My bees swarmed. I climbed ladder and brought them down 2 hours after they clumped on a branch. All I had was a medium super to put them in. I removed some frames and shook them in best I could. Then I saw some remained in a beard up the tree, went and got them too.

Shook them in. Huge mess! I don't have a bottom board so I put the super on a wire mesh lounge chair on the deck in the shade. With Inner cover and outer cover, again no bottom board, I overhung the medium off the chair so they can come and go. I sprayed the frames of box with sugar water to make it attractive for them to stay.

Bees are EVERYWHERE! The ones that didn't make it in the hive are all over the place with their buts in the air and wings cranking. Whats that mean?

The branch they came from was laying next to hive on deck and they are starting to beard back on that. GRRRR.

Any hints to what I should do? Next? Is my medium kind of like a NUC or starter hive? I'm hoping I shook the queen into the box. Its so crazy outside I have no idea if I was successful.

Any help appreciated. Tx I don't want to loose these bees I worked so hard to cultivate!!!
 


The bees on the box are releasing a scent and fanning to let the other bees flying around know where the queen is. That's a good thing.

Leave the box where it is for a while and let them settle down. Meanwhile get some kind of bottom board ready.

Take a deep breath and relax. You'll be alright. ;)
 

When it is dark or near dark suit up and move the entire swarm hive to where you want to keep them and place some branches and leaves in front of their entrance so tomorrow morning they will orientate to their new location.
main thing now is just relax about the swarm and make do with what you have. Best not to mess with them too much for a few days.
Good luck!!
 

Thanks! So I'm hoping I got the queen in the box. Can I assume my old have has a queen in there? Should I order one for the old hive? Should I order one for what is now this NEW hive?

Ok to use that medium as a NUC and grow the hive out from there?
 


It will be fine starting them in a medium. Be prepared to add another box in a week or two.
 


The fanners are scent-calling the stragglers. It's a fairly effective action. They will all find their way in within a couple hours. Relax and watch. If the nest scouts that were in the field and missed the action continue to collect on the settling limb, move the box back to below that area. They will find your box directly below.
Walt
 

 

 

 

Everyone, thank you for the prompt and helpful hints! I got them in the box and they are staying! I found a real bottom board - and will instal it tonight.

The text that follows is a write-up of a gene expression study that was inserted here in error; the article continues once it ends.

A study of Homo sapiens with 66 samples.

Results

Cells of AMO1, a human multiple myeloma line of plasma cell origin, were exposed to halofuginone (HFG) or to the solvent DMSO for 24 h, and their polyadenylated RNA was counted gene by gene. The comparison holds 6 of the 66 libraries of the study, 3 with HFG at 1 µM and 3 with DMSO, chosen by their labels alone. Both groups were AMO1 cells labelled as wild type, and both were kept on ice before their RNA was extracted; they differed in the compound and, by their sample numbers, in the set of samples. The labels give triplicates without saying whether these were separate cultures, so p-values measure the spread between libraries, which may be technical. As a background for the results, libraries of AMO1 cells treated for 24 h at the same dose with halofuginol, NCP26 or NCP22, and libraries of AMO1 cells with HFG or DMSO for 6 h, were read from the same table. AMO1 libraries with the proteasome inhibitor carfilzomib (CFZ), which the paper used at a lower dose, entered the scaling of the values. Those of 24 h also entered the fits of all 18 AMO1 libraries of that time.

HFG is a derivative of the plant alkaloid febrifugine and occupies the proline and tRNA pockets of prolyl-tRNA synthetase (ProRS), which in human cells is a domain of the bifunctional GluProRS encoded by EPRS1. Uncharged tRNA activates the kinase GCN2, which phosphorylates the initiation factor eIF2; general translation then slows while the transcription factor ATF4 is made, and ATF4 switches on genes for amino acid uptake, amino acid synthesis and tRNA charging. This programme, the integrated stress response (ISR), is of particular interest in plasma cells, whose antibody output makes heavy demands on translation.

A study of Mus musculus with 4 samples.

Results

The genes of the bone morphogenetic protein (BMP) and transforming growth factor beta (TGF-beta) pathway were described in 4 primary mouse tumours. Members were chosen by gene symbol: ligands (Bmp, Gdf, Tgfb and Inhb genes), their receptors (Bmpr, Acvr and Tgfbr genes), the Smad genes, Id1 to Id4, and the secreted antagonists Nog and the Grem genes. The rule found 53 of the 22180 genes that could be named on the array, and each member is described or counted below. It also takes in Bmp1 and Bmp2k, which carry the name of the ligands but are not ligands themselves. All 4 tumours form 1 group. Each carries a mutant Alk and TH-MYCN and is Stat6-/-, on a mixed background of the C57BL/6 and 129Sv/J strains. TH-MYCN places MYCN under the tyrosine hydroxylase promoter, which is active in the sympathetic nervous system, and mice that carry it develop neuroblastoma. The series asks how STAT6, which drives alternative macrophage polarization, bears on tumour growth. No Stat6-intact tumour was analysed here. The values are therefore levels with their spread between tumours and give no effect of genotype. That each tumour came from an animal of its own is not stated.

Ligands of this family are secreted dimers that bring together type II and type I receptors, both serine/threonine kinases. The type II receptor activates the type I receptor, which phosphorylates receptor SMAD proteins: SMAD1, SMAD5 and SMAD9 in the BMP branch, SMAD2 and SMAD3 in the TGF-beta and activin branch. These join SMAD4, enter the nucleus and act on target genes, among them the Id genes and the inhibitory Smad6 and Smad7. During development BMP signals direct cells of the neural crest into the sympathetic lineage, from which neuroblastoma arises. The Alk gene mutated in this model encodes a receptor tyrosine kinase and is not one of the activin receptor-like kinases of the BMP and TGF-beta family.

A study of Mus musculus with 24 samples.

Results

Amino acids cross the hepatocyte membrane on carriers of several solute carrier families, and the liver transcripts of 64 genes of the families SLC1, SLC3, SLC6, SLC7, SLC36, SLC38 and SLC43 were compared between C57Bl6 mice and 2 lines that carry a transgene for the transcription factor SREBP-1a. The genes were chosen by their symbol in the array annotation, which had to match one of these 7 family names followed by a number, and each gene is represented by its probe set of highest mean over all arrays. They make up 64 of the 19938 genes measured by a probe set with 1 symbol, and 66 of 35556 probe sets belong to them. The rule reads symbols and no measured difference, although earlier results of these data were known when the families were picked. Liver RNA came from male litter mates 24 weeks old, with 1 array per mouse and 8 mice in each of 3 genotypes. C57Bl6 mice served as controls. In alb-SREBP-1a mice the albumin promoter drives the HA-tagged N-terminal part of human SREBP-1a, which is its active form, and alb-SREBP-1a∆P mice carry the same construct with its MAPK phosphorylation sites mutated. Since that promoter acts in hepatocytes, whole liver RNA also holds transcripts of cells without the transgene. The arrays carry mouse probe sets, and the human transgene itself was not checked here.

Last question(s) for today.

1) Feed them sugar syrup?
2) Put all frames into box? Or reduce the # of frames?

Again, Tx!
 


After sunset, before it gets dark, add the bottom board and move it to it's permanent location in the yard. Fill the box with the full number of frames it holds. It will be getting dark by then so you should not have to worry about them taking off when you remove the top to add frames.

If you have a boardman feeder it wouldn't hurt to slide that into the entrance. You could also add a piece of wood or something to choke down the entrance opening to about 3-4 inches on the opposite side of the feeder.

Then leave them alone for a week or so and relax. :thumbsup:
 

I know, my hoarding instincts failed me this time... I had the mediums because I started a new hive this spring and was waiting to put these onto it.
 

Just put my new bottom board on and put the extra frames in. This box is JAMMED with bees. Will move to its new home this evening. Is it ok to put next to the hive they just swarmed from?
 


Food for thought, if you want more bees:

Since the box is so full of bees, you can check your original hive and see how many capped queen cells you have. If you have more than one frame containing capped cells, you could use one frame with a queen cell and split the newly hived swarm.....
 


Brad has some good ideas, but in your case, I would just leave them alone once you get them moved. Sounds like they are already settled in.

It would be a good idea to do an inspection of the original colony as soon as you can and see what you have there. If it's loaded with capped queen cells you may want to cut out all but a few to prevent afterswarms.
 

This is very good advice. I like 2 on the same frame. If its packed you mite want to get another box on when you can.
 

"1) Feed them sugar syrup?"
I would not at this time. A lot of folks would.
"2) Put all frames into box? Or reduce the # of frames?"
Leaving them alone is good, but having the box full is good. On balance, I would do what Mike said. ("Fill the box with the full number of frames it holds.") Good luck. But, sometimes a swarm's just got to swarm.